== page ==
White Sox

Joe Kelly helped Grandal amid disastrous, dark season


The veteran catcher strained his hamstring running to first in early June, injured his knee from a collision at home plate in August and pushed off surgery on his back to stay on the field.

He experienced an overdose of pain and frustration last season. And the emotions got the best of him, sometimes following him off the field.  

“It definitely came out in bad ways. I tend to go into this dark hole," Grandal told NBC Sports Chicago's Chuck Garfien on the White Sox Talk podcast. "My wife can notice it. I’ll get home and I’m not talking to anybody. I get to the field and I’m not talking to anybody and I’m on the constant go."

His teammates caught onto Grandal's consistently depressing demeanor around the clubhouse.

"They know when to come and when to go," Grandal said.

But, one teammate of his couldn't help but try –  and succeed –  in uplifting Grandal. Despite the silence and pushing others away from his darkness, one teammate stepped in and cheered him up.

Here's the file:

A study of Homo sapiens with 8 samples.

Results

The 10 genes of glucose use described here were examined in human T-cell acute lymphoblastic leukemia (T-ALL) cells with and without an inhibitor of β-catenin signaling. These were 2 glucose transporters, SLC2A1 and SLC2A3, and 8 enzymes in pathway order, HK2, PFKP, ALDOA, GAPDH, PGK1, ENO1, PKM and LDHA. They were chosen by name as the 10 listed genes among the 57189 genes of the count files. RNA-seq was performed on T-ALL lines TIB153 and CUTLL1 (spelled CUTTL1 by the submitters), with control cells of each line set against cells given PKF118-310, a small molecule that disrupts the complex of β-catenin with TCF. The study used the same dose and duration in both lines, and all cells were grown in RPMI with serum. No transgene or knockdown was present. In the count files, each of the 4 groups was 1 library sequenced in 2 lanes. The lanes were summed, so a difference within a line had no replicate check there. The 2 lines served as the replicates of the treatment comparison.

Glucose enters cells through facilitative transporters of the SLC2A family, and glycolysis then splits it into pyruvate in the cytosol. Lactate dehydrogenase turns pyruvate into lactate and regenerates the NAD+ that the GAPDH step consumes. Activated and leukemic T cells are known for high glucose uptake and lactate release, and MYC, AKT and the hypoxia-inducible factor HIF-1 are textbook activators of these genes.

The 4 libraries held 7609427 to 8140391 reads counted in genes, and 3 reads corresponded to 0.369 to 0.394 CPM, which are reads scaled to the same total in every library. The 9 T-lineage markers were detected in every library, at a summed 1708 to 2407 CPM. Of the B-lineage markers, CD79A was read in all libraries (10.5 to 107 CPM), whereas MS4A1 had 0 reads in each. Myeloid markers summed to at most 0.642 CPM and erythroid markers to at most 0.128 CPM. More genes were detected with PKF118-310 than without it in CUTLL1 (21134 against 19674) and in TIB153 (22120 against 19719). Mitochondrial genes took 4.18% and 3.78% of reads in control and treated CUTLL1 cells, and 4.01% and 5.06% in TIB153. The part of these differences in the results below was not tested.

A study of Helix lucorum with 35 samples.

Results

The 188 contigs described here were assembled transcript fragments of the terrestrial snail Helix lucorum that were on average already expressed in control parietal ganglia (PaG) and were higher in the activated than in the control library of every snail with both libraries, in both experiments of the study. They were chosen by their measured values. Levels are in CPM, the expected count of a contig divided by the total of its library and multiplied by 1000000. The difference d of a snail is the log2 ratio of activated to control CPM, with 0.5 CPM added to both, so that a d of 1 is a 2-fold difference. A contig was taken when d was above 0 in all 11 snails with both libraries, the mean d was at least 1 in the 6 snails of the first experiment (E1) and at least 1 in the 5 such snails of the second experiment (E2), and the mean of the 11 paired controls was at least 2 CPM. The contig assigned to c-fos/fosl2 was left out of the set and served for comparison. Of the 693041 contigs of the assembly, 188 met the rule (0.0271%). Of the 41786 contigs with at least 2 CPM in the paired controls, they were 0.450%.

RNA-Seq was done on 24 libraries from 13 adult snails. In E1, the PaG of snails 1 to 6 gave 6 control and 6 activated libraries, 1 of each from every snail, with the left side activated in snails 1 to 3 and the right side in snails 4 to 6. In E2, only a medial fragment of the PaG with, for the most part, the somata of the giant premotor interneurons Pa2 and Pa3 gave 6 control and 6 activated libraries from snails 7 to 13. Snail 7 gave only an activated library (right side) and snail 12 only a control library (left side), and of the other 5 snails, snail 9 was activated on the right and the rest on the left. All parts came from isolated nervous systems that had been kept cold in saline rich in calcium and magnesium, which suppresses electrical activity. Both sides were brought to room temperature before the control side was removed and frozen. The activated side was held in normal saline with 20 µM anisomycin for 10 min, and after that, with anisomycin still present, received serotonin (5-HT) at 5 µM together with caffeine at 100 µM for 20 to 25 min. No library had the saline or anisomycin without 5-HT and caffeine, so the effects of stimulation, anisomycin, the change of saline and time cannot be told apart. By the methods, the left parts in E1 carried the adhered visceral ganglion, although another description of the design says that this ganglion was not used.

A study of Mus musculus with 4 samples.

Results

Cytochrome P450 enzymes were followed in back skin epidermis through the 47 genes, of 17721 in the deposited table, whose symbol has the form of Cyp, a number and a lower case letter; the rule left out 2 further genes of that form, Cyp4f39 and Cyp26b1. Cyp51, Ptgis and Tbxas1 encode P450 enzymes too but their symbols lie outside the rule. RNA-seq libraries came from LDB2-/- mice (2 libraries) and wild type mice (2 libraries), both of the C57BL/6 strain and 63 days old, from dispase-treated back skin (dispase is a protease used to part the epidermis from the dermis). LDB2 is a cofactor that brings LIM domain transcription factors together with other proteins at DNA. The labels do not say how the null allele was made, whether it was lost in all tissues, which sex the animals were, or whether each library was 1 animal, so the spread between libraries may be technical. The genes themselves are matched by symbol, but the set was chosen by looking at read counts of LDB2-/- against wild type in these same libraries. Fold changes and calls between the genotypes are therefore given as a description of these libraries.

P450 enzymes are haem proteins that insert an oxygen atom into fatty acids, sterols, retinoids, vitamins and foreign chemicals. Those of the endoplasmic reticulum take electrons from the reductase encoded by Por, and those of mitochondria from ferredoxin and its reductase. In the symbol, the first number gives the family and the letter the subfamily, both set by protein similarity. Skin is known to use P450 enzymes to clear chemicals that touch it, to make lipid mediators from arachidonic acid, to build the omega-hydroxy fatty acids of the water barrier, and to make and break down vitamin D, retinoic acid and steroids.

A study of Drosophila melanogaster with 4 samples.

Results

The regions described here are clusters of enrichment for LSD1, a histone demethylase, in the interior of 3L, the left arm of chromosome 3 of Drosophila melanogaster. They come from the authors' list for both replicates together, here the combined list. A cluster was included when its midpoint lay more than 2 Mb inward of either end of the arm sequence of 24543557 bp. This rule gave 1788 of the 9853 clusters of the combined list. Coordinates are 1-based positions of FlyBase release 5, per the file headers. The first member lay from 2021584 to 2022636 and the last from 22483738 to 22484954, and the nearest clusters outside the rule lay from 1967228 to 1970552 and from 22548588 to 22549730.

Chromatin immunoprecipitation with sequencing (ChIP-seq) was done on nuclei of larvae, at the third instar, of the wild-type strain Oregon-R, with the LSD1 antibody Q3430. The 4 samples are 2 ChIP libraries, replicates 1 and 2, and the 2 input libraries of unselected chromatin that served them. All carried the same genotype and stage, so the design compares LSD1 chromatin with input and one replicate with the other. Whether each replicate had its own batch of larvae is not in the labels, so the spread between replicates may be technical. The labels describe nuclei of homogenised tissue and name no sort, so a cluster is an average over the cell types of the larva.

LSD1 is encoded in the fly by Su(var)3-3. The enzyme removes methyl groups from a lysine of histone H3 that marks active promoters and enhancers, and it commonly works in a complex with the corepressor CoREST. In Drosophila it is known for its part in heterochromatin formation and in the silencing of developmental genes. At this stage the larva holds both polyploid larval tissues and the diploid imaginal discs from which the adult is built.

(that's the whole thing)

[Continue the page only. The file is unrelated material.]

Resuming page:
"If it wasn't for Joe Kelly, I think my season would have been a little bit worse," Grandal said. "He would come in every day and just make me laugh. Even when I didn't feel like that. For that, I love him. I really appreciate him."

Grandal mentioned Kelly called him recently and sent him a funny video that he "can't really say" what the video was. The veteran relief pitcher helped Grandal keep his sanity amid a disastrous season. 

RELATED: Yasmani Grandal opens up about nightmare 2022 season

Grandal lost a tremendous amount of power at the plate due to several injuries he endured. He sent just five balls out of the park compared to the 22 he destroyed the previous season.

According to Baseball Savant, his average exit velocity (EV) in 2021 was 93.1 mph, which placed him in the 96th percentile of the league's players for EV. In 2022, his average exit velocity dropped to 90 mph, dropping him to the 69th percentile. 

Now, he believes his back is stronger and he's regaining the strength and power he possessed before injuries took hold of his ability to hit the ball with power. 

It's a massive mental and physical task to overcome.

"I'm looking at myself for all the failures that we had and how I can change that," Grandal said. "So, for me, it was extra frustrating. That's why I was saying patience is the way to go."